A near miss is defined as any situation in which a law enforcement officer could have been seriously injured or killed, but harm or death was averted. Near misses can occur at any time during the performance of law enforcement duties and oftentimes include contributing factors like hazardous conditions, subjects with concealed weapons, failed equipment, or lapses in situational awareness. Regardless of the situation, they provide lessons learned, and reporting a near miss allows fellow officers to learn from these incidents so they can go home to their loved ones after every shift. Officers often share their near misses with their close friends, but rarely are these stories, and the lessons learned from them, shared with officers across the country. LEO Near Miss provides the platform for officers to do so.
Simply put, there are significantly more near misses than serious injuries or fatalities. It is evident in industries that collect near-miss data (aviation, fire/EMS services, health care/medicine, mining, nuclear power operations, and the military) that for every major incident, injury, or fatality, there are hundreds of near misses that could be analyzed and used in training and risk management to prevent a tragedy.
LEO Near Miss is strictly for promoting peer learning and enhancing officer safety and wellness. Officers can visit the website or download the free smartphone app (LEO Near Miss), read the lessons learned from near misses experienced by other officers, and anonymously share their own near-miss experiences. Near-miss stories submitted to LEO Near Miss go directly to the National Police Foundation, an independent, non-profit research and training organization that manages the system in partnership with other organizations like Below 100, the National Law Enforcement Officers Memorial Fund, the National Tactical Officers Association, and the International Association of Chiefs of Police. Each story received undergoes a two-stage review process by current and former law enforcement to remove all personally identifying information (ensuring anonymity when published) and to highlight important takeaways for improving officer safety. Once a story has finished the review process (about 7-10 days), any personally identifying information is permanently deleted from our records, and the story is made available for vetted law enforcement personnel to read on the LEO Near Miss website and smartphone app. Furthermore, no IP addresses are ever tracked and linked to any stories submitted to the system, and officers do not need to log in to submit a story.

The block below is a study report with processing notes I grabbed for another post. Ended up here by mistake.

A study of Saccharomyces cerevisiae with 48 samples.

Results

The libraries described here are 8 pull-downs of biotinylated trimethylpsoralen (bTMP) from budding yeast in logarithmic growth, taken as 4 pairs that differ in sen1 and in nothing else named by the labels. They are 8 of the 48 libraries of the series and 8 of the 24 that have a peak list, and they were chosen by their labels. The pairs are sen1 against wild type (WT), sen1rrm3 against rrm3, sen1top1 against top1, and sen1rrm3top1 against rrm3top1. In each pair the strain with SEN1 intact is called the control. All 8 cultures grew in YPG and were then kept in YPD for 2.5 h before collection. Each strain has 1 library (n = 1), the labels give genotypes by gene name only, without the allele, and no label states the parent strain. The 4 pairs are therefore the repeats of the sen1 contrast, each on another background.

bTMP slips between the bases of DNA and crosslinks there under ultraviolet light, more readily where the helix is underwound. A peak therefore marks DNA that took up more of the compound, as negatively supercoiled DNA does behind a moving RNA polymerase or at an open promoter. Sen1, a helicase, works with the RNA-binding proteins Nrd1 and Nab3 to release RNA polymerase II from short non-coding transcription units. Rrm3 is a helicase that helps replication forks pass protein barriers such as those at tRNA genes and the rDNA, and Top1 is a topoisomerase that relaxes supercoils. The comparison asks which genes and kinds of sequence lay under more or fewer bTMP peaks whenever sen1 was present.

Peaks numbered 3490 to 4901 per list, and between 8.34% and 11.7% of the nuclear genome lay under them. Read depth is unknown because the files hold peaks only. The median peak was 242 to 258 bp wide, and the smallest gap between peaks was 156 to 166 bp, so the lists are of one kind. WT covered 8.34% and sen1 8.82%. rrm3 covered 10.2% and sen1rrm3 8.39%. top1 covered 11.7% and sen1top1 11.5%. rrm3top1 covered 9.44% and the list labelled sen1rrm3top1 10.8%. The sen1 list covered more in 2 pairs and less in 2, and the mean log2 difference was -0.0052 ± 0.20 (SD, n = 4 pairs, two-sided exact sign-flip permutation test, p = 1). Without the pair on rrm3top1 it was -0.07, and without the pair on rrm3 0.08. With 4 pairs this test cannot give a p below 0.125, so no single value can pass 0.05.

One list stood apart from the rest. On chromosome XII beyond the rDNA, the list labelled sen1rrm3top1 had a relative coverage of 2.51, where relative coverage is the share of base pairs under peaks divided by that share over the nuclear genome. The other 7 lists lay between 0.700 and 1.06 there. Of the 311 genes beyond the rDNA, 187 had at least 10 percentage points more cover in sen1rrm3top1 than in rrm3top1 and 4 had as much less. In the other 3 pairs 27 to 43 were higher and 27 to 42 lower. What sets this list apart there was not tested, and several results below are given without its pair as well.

In addition to providing lessons learned, the LEO Near Miss system will identify and report on the underlying risk factors and characteristics that are contributing to near-miss incidents. This anonymized information will be made available to the law enforcement community to improve training, equipment, policies, procedures, and tactics in order to reduce risk, improve officer safety, and save lives.
Please support this critical officer safety initiative by reading and sharing the near-miss stories and lessons learned that your fellow officers have shared, and please consider sharing your own near-miss experiences here or through our free smartphone app. The five minutes you take to share your story can improve future policy and training and could save the life of a brother or sister in blue.
If your agency is interested in participating in this critical officer safety initiative, please visit our Become a Participating Agency page.
A near miss is a situation in which a law enforcement officer could have been seriously injured or killed, but harm or death was averted.
How can your near miss help other law enforcement personnel?
If you share an incident in which you escaped a serious injury or death, what you learned from that experience can help protect other officers who may encounter a similar situation.
As we have learned in aviation, medicine, and other high-risk industries, sharing near misses is critical in identifying and addressing policy, training, and equipment deficiencies before an officer is hurt or killed.